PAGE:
I’m on the train to the airport now. Just passed Norrköping. There’s been a lot of activity since my last post, so I’ll start with a brief summary.

We finished up with group two in a similar fashion to the first group: blade actions and scenework. On that Thursday and Friday, Brad, Peppe and I (sometimes with Maria) went through the Durer counters. Yeup, all 120 of them. We tried to watch a movie on Friday night but we were all too tired and went to bed around 9:30, if I remember correctly. Saturday and Sunday we did a workshop with (my apologies if my spelling is wrong!) Per, Anders, Simon, Hilde, Ulf, Ida and Maria. We covered much of the same material, though in not as much detail because we had 2 days not 3. Brad left on Monday, and I took a day of rest. I was suffering from what Peppe calls “Workshop Hangover”! I was in bed most of the morning, not sleeping, but curled up in a ball while my body rested. The afternoon and evening I watched “Vanity Fair”, and chatted with Peppe and Maria. Finally, on Tuesday (yesterday) there was more discussion (mostly ironing out details for my visit in the fall), a Feldenkrais session with Maria, packed my bags, and watched more “Vanity Fair” with pizza, beer and cheese.

Themes that keep popping up in this work is that listening is of the utmost importance. Even more than that is how you respond to what you’re hearing. There’s a podcast that has a take on what I’m point at. Here’s the link: http://www.zenmartialarts.com/wordpress/2007/01/05/stimulus-vs-response/ So by “living in the space between the inhale and exhale” we can redirect ourselves from the knee-jerk reactions, and truly respond to the information we’re receiving. The first step, though, is still listening. I’m happy that now I can often catch myself when I’m not listening, and get myself back on track.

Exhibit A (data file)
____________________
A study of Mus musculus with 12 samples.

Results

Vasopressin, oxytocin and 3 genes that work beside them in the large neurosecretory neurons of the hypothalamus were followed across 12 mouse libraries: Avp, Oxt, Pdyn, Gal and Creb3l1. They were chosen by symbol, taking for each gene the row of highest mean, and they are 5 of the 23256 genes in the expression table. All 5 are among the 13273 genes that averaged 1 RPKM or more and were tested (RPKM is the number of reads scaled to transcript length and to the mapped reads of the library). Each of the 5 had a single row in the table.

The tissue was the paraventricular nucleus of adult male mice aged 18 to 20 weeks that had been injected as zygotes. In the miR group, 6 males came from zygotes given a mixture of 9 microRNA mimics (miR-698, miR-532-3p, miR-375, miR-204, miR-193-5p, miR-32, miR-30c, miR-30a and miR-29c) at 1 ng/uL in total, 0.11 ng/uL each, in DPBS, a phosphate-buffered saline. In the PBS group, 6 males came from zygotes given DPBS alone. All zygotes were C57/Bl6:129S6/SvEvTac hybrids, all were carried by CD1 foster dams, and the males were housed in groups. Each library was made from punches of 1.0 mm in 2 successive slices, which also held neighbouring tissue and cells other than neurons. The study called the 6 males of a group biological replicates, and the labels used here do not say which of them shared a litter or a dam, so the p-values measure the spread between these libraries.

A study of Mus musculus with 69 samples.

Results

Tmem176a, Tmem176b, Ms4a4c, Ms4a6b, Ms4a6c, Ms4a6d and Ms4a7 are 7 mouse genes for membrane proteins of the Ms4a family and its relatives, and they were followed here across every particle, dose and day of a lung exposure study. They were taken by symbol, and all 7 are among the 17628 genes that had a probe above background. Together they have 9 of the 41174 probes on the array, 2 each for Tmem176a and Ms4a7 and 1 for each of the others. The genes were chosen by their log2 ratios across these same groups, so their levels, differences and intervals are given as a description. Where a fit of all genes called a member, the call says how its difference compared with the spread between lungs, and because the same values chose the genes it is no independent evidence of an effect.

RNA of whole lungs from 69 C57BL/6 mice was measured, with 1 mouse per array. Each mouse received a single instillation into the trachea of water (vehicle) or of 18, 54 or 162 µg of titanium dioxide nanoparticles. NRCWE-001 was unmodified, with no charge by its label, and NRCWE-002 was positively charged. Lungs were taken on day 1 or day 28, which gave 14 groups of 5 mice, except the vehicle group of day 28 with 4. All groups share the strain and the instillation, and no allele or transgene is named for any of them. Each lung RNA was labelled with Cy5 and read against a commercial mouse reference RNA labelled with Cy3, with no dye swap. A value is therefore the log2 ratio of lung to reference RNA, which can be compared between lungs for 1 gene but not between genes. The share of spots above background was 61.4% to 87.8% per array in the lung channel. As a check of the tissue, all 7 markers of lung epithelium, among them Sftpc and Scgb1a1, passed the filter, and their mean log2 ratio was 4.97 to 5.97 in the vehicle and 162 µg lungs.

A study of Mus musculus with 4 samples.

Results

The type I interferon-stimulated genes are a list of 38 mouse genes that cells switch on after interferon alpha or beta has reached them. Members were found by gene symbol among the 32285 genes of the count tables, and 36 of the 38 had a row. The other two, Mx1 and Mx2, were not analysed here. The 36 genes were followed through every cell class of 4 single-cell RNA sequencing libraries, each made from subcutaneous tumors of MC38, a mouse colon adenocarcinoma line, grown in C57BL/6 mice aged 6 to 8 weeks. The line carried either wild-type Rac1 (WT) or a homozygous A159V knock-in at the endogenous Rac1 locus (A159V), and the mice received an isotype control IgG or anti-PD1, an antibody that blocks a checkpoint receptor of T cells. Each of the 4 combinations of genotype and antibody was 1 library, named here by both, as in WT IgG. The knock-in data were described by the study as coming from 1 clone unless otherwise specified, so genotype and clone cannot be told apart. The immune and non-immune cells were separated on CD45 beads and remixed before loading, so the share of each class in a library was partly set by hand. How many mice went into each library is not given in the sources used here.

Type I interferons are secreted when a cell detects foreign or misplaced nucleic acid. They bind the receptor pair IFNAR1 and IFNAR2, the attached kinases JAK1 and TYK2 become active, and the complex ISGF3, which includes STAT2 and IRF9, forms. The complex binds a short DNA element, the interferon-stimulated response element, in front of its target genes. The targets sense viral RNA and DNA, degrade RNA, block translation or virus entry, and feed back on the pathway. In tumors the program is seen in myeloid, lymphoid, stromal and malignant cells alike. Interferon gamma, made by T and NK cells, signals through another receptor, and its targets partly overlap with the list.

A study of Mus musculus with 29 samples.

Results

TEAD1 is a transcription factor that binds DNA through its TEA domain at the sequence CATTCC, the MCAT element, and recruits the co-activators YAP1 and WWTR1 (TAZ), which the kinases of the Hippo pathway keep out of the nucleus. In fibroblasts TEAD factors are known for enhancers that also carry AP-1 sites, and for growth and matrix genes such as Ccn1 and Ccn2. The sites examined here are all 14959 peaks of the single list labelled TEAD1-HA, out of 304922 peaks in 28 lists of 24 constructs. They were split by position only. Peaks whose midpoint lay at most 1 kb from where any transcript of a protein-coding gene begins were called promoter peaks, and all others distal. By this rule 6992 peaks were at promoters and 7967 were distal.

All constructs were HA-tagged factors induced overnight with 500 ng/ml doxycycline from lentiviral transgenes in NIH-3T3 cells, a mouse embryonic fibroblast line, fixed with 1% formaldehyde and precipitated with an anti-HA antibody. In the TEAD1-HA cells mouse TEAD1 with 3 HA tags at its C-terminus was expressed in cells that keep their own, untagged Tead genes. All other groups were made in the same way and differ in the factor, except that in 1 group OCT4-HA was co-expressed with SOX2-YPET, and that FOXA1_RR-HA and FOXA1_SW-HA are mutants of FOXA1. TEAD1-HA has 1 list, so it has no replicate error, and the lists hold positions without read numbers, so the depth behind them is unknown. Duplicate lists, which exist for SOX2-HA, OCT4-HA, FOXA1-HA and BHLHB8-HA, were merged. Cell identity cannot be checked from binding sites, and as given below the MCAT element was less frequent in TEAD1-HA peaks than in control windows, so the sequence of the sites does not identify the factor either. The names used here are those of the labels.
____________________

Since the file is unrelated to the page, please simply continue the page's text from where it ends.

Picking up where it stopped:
This state of always listening is, to me, a key to better fight scenes and actor safety. Hilde remarked that she has never felt so safe and so comfortable in a scene. That kind of attention on what is happening goes a long way to keeping you in the moment. And as actors learn to go with their instincts, actions, both physical and emotional, follow easily.

The two days of working on Durer helped to highlight the importance of looking at something with fresh eyes. While I’ve worked on many of those prints before through the Shenandoah Project, I was finding deeper layers in this most recent look at them because I didn’t look a them with the thought of “oh, I know what this one is” but instead applied the new knowledge from the previous work. With this sprit of “fresh eyes” and listening, I began to see more and more of my habitual patterns. It’s useful and incredibly important to be aware of those. You can choose to make use of habitual patterns, but I have experienced over the last two weeks that true growth happens and flexibility emerges when you become aware of the invisible framework that holds you in one place.